How to Avoid Five Common Mistakes During the Transition to Agile

 
 
By Ian Culling  |  Posted 2010-07-08 Email Print this article Print
 
 
 
 
 
 
 

The agile methodology is quickly becoming a preferred approach to software development. Agile offers a lightweight framework for helping teams maintain a focus on the rapid delivery of software projects. But even the most carefully prepared teams can make mistakes. Here, Knowledge Center contributor Ian Culling explains how to avoid the top five most common mistakes during the transition to agile.

Through a process of continuous planning and feedback, the agile methodology ensures that value continues to be maximized throughout an organization's software development process. Though these benefits may compel businesses to implement agile, the transition and subsequent scaling within the organization can introduce some challenges and growing pains.

While there is no perfect formula to guarantee success, there are several common mistakes that companies should avoid when making the transition to agile. These common mistakes can derail even the most carefully prepared strategy. The following are the five mistakes, followed by the corrective steps that project managers can take to avoid them in the first place.

Mistake No. 1: Skimping on training and education

Perhaps the most common mistake companies make relates to training and education. Training can obviously be time-consuming and expensive. But, when changing a fundamental business process, ensuring that team members truly embrace the hows and whys of agile is critical.

While much emphasis is placed on training pilot teams, many organizations assume that these pilot team members have all the information they need to bring the rest of the organization up to speed. This assumption fails to take into account not only the value of extensive experience and broad expertise that a professional agile coach can bring, but also the limited bandwidth of internal team members whose primary responsibility is developing code.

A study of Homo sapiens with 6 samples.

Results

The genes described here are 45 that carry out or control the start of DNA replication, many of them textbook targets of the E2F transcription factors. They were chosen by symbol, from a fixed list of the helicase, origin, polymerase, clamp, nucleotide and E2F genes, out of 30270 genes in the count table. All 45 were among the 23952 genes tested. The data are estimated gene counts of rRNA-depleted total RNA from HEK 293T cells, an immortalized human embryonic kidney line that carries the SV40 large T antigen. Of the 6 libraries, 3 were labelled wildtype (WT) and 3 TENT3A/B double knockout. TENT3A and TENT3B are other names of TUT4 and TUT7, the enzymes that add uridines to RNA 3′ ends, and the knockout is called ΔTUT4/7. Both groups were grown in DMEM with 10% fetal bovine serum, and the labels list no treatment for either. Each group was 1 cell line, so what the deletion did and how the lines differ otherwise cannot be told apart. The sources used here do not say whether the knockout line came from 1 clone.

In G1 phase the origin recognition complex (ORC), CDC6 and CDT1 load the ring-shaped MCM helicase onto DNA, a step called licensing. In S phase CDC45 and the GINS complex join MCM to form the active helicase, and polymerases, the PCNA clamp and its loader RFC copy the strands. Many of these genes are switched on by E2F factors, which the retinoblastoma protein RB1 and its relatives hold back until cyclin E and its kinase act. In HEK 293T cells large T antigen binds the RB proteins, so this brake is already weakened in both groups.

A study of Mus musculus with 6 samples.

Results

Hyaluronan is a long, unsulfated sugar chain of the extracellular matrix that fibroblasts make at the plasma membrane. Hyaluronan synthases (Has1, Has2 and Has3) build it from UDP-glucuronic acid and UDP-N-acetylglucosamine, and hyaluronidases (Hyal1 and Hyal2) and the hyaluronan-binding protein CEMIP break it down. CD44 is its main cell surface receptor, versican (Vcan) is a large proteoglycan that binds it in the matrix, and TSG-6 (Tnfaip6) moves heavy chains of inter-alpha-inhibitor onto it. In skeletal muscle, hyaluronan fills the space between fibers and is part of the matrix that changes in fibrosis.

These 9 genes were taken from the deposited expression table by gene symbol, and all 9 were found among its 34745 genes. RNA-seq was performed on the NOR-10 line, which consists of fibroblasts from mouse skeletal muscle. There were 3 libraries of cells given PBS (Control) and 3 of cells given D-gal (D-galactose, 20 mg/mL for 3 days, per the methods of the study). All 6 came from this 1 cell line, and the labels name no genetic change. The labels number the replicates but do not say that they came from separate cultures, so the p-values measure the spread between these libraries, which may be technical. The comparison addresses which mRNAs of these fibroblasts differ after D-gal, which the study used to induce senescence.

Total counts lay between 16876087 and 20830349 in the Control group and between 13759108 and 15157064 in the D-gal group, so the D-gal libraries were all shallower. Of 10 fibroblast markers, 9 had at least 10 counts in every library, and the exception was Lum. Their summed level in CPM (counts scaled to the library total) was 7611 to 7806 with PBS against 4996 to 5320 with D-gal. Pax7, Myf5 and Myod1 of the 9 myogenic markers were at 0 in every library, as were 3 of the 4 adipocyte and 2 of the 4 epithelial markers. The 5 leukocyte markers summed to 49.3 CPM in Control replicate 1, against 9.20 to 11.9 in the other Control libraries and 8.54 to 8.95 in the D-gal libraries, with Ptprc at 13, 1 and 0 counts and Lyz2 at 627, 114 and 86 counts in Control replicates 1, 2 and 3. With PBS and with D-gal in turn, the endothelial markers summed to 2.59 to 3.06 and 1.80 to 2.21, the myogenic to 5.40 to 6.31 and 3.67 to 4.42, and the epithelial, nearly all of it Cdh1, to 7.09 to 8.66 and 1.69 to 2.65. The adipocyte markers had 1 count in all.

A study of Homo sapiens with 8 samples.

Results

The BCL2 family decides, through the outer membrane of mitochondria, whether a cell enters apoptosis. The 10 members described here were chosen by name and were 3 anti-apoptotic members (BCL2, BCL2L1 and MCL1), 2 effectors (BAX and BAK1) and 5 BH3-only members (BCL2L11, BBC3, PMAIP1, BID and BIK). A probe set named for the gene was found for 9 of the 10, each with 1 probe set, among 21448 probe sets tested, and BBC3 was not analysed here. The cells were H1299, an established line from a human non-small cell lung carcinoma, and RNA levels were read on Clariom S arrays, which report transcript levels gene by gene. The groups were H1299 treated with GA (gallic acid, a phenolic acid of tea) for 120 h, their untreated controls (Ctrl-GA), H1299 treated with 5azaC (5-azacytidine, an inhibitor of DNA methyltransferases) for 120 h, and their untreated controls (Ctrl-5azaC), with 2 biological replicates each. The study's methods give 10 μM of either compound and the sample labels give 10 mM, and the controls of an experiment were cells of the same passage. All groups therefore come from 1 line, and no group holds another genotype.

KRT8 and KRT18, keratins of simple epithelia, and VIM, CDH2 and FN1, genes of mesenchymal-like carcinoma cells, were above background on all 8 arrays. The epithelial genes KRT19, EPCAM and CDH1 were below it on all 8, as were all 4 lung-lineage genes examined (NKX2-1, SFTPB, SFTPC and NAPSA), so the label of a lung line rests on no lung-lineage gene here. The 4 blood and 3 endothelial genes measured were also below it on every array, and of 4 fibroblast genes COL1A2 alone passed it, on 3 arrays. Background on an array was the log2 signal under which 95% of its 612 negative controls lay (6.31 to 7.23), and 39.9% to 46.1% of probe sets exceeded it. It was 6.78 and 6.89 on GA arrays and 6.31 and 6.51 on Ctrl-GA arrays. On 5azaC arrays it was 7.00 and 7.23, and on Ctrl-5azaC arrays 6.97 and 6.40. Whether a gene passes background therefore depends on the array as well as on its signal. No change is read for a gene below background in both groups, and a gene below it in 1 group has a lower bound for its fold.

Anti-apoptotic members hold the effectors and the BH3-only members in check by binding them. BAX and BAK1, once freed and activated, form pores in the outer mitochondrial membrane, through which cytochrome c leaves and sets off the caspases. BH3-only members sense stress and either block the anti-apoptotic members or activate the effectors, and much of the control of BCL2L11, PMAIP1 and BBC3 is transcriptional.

In the end, there is no substitute for experienced agile coaching and consulting. Most teams scaling agile face similar challenges, so bringing in experts who have already successfully proliferated agile across organizations can make all the difference in the speed and ultimate success of deployment.

A relatively small, upfront investment in planning, on-site coaching and ongoing mentoring can keep teams from spinning out of control and wasting time in their attempt to overcome challenges that many experts have faced on previous projects.




 
 
 
 
Ian Culling is CTO at VersionOne. Ian brings more than 20 years of broad IT experience to the CTO role. Ian lends tremendous expertise to his areas of responsibility, including software product management, design and development, and enterprise IT. Ian has significant practical experience with the introduction, scaling and adaptive execution of agile methods, having initially implemented strict XP with a single team in 2000. Since that time, Ian has progressed to lead and coach both small and large organizations in their transition to agile methods. Prior to joining VersionOne, Ian led the adoption of agile methods at Alogent Corporation as vice president of development, leveraging aspects of Scrum for scaling across multiple teams and products. This, combined with select XP developer practices and approach for planning and tracking, resulted in a Scrum-wrapped XP implementation (now a fairly common model within the agile community today). He can be reached at ian.culling@versionone.com.